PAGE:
The latest publishing industry kerfluffle is Amazon’s banning of authors from reviewing books in their genres. You can read more about it here.
This is of course ridiculous, and there are so many reasons why.
Authors are good at writing. Authors are also good at writing about writing.
Who better to assess a book’s success or failure at meeting a genre’s expectations than people who read extensively in that genre and spend years honing the craft of it themselves? Who better to articulate an opinion in writing than a professional writer?
Authors help one another.
While there are a few nutters out there who think that trashing other books will help their own, the majority of authors know the truth: a stronger book market benefits all authors. No reader buys just one author (and if he does, his scrawny wallet isn’t worth fighting over, anyway); readers enjoy finding new talent, discovering new worlds, even reading new genres. Even better, authors want good books out there converting and retaining more readers in a world full of other types of competing media. On a personal and marketwide scale, you don’t win more readers by trashing books.
So while Amazon’s stated motive was to keep authors from trashing their perceived rivals due to “conflict of interest,” smart authors help one another, if anything. See more here.
Respect everyone, and quit focusing on the bad guy.
I personally have a big problem with punishing many innocent people for the wrong actions of a few, from breed-specific legislation to gun control to authorial review censorship. One dog of literal millions bites someone, ban the breed and punish responsible owners everywhere? Makes no sense.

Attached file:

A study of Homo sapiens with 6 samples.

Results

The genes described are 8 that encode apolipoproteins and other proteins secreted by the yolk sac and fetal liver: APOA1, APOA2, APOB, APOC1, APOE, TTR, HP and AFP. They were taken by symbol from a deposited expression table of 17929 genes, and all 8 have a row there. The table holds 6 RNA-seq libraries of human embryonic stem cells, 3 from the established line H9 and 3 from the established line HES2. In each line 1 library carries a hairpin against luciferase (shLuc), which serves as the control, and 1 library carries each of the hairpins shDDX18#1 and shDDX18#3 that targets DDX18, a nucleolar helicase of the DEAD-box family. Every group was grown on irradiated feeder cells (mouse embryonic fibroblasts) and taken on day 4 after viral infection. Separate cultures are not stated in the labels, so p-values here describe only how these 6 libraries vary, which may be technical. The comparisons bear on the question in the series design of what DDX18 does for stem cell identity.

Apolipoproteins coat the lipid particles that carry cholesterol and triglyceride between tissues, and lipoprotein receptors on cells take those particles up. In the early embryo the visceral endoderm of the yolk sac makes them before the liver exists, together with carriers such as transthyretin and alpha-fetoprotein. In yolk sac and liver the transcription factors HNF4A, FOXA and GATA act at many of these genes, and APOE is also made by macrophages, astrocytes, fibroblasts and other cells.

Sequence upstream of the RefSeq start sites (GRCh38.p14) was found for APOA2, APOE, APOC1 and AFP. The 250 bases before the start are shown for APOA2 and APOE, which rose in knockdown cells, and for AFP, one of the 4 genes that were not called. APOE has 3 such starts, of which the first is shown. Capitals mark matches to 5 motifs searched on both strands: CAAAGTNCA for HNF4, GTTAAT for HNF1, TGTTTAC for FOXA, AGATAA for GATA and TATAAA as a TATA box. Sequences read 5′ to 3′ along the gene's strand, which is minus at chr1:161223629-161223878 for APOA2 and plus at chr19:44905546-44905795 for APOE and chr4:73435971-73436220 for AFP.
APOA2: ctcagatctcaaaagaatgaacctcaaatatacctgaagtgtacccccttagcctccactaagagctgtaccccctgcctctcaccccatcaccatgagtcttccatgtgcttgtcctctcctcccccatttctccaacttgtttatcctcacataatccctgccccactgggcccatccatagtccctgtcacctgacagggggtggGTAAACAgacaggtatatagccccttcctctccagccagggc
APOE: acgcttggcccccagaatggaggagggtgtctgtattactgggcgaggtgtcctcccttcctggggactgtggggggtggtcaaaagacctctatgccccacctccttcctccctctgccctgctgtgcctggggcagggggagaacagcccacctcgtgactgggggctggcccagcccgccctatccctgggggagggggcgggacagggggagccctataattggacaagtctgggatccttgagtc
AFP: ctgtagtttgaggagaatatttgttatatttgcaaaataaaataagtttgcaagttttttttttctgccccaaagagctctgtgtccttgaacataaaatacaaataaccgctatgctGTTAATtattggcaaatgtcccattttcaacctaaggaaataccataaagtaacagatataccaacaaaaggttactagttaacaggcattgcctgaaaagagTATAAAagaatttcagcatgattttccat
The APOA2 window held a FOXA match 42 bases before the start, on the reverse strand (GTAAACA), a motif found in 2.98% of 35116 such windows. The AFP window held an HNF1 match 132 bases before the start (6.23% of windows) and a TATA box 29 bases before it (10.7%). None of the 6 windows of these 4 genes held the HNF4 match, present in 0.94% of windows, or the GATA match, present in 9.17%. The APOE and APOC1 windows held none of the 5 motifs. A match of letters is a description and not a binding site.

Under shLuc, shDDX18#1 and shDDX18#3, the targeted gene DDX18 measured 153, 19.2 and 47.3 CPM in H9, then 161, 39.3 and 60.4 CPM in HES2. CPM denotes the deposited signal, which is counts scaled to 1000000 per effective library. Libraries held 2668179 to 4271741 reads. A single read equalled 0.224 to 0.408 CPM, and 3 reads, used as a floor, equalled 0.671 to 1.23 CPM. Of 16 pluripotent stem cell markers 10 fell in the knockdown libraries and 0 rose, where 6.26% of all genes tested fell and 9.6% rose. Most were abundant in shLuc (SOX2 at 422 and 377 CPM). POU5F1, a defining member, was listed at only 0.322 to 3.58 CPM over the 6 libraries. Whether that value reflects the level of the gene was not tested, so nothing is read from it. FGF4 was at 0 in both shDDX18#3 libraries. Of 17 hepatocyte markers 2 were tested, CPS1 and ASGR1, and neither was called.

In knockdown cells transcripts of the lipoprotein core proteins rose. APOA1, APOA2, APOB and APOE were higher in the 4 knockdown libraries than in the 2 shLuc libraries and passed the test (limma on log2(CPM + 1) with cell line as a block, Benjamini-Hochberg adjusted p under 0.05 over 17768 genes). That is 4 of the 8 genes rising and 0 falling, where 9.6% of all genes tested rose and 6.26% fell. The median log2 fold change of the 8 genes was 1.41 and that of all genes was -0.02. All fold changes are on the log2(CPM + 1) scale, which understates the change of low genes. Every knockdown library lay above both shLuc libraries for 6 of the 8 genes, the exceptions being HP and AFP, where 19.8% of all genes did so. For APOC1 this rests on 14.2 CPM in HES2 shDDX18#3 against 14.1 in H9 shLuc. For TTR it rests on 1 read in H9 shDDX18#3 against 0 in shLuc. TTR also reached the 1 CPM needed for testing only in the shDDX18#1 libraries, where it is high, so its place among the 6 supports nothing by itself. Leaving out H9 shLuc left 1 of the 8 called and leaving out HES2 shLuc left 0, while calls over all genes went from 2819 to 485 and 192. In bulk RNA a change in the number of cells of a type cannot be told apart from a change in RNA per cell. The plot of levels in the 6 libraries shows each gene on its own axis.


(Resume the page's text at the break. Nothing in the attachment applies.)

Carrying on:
This reviews topic drew more attention when one specific crime author was exposed writing anonymous negative reviews on other books and anonymous glorious reviews on his own. It’s wrong to then turn to the hundreds of thousands of other authors on Amazon and accuse them of doing the same. Gee, thanks for assuming I must be unethical.
Define “my genre.”
Amazon’s policy restricts me from reviewing books in my genre — but I don’t write in a single genre, and sometimes one book doesn’t even fit in a single genre. Kitsune-Tsuki has been variously categorized as historical, fantasy, and mystery. That’s an awful lot of books I now can’t comment on.
And it could get downright dangerous, if enforced evenly. Fired Up, Frantic, and Freaked-Out: Training Crazy Dogs from Over-the-Top to Under Control is a book on dog training and behavior (coming out soon). My day job is in animal behavior, and I’m also certified in TAGteach for humans. If I as a professional can’t comment on training or behavior books, that means only non-professionals can speak to their validity, best practices, and advisability?
So, only non-mechanics (or mechanics who have not written on the subject) can recommend a book to purchase on engine repair. I see more than a bit of problem with this.
We aren’t the problem.
Yes, a few people play dirty. But rather than splashing their names and titles all over media in free publicity and then muzzling the rest of us, consider revising the review system (which has drawn some criticism already, particularly for anonymous reviews). I’m honestly not sure that the situation requires action, but if something really needs to be done, try doing it without insulting the rest of the industry which supplies your product or limiting the feedback consumers can access.
And now, in the spirit of practicing what I preach, here’s my frequent end-of-post recommendation to someone else’s product. :)
|Stephen Lawhead’s tale of a monk carrying the Book of Kells to a city where he is prophesied to die is an a great look at many medieval cultures and one man’s sorely-tried faith.